For most people, “positive” is a popular term used to describe a more kind and gentle way to train a dog. For others, it’s an impractical word that is often perceived to be synonymous with “ineffective,” or “new-age, hippie dog-trainers” (as a former veterinarian once told me).
Some dog owners think training their dog with treats, or other motivators, such as toys and praise, will simply create a dog who will listen ONLY when food, or that specific reward is present (we’ll have more on this later). Some think that clicker training is a worthless gimmick, despite its early uses by expert animal behaviorists to train dolphins and other marine mammals. You can’t put a training collar on a dolphin!
It’s kind of ironic for there to be so much negativity about such a feel-good word, don’t you think?
There is a familiar look that I see whenever I meet and speak with potential clients who don’t believe in, or understand positive reinforcement methods. It is the look of a skeptic or critic, maybe from a person who feels that something is wrong with their dog, and it is beyond “fixing” with positive methods. How could someone ever “fix” a dog without getting rough, without the use of shock collars (for scientific research on this go here), and a demonstration of “dominance”? You might ask, “How could treats and praise create a controlled and obedient dog?”
A part of me gets a little stressed out when I hear these misconceptions, but another part of me lights up inside; I know there’s an opportunity to educate and demonstrate what positive training is really all about.
The Real Deal with Positive-Reinforcement (R+)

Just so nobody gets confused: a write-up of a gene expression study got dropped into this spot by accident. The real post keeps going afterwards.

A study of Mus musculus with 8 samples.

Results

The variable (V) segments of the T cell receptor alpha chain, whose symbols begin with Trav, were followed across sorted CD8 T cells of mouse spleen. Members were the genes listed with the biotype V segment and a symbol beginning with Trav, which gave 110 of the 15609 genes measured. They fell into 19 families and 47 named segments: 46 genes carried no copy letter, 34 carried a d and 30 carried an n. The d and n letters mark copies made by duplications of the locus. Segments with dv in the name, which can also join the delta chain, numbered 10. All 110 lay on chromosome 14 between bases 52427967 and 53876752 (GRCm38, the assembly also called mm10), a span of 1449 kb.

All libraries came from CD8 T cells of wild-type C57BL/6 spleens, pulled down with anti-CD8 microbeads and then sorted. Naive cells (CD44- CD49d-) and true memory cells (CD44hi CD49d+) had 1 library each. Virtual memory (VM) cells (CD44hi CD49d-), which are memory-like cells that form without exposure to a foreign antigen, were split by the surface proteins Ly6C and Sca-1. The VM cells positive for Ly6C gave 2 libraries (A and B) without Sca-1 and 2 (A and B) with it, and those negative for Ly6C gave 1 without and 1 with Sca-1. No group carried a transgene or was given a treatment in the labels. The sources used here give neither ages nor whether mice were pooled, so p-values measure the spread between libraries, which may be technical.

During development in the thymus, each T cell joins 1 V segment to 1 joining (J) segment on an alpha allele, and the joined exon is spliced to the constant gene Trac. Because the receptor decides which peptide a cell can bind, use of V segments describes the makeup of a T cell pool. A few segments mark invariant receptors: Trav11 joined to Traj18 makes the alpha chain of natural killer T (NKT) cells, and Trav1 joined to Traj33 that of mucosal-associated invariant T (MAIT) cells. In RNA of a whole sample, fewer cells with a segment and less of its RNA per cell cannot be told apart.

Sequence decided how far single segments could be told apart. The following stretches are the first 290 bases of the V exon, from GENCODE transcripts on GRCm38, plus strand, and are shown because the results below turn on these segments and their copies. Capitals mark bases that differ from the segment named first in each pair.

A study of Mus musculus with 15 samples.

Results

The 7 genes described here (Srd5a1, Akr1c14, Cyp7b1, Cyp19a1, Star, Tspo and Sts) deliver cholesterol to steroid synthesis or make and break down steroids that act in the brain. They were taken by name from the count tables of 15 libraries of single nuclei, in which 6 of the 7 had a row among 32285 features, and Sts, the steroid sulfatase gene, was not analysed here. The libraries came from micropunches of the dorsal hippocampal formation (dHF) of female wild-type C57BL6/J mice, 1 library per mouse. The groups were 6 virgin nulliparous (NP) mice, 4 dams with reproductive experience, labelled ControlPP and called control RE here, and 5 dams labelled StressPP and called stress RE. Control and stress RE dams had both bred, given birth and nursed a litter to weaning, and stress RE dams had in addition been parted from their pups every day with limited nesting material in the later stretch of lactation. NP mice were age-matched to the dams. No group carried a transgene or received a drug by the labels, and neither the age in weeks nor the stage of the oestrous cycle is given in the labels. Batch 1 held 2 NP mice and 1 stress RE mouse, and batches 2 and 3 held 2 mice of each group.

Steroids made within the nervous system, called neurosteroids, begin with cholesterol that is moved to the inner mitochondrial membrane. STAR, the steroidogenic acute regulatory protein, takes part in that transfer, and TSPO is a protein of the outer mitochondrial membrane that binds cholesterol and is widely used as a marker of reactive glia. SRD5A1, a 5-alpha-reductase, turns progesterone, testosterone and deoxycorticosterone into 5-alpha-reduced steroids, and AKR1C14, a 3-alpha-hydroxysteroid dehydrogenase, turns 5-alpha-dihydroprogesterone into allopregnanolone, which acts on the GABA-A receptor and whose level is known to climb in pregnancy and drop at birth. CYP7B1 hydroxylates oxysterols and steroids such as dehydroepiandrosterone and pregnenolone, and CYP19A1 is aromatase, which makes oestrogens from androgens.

When I first meet with potential clients, I always make an effort to explain my methods in the most simple and concise manner. In a nutshell, I call it “rewards-based training, free from intimidation or physical force.”
- LEARNING takes place first; the dog must be taught how to do specific behaviors/skills from the start, without being physically punished or intimidated.
- PRACTICING your dog’s new skills should continue until the dog proves that s/he understands what to do for each individual verbal cue and hand signal with at least 90% accuracy before going on to the next step.
- PROOFING – the most important step – Once the dog is reliable in their response to a specific behavior, they must be “proofed” in a variety of other environments (outside of your home). This is the stage where steadily adding distance, duration and distractions will make your dog’s training skills even stronger.
- MAINTAINING your dog’s skills is the easiest step: Simply by integrating super short training sessions (1-2 minutes) into your day. This is where your dog’s training becomes a part of his or her everyday lifestyle, so that you can say “thank you” whenever you hear a compliment about your wonderfully behaved dog!
Positive is NOT Permissive…
Finally, what to do when your dog is misbehaving, or ignoring your requests? I’m sure by now, you know that “positive” also means “free from pain,” but it does not mean free from punishment and this includes verbal corrections with an even, stable tone of voice. However, this does not include shouting, or screaming at your dog.
Punishment and corrections do exist in the world of positive training, maybe just not how you’d imagine them. The message we want to send to our dogs is that there are always consequences to their behavior, whether it is in their favor or not.
Removal or Withholding of Rewards: Treats, toys, leashes, petting, attention from you, etc–anything that they perceive as a reward is promptly taken away from them when their behavior is undesirable. These are also effective in the form of short breaks and time-outs, when timing is properly used.
“Nothing In Life Is Free”: If your dog doesn’t comply with your verbal cues and/or hand signals, he does not earn his bowl of kibble on the floor, his leash being put on for a walk, or that VIP parking spot on your lap. Period! If your dog must work to earn his keep and privileges, too, then he will soon understand the value of your requests and respond accordingly, each and every time!
If you’re already training positively, we’d like to hear about it! Let us know why it’s working for you and what your greatest training accomplishment has been so far. We hope this will inspire many more dog owners and professionals to reconsider the powerful science of positive dog training. We will continue to write blog posts pertaining to this topic in the hope that we may help educate others.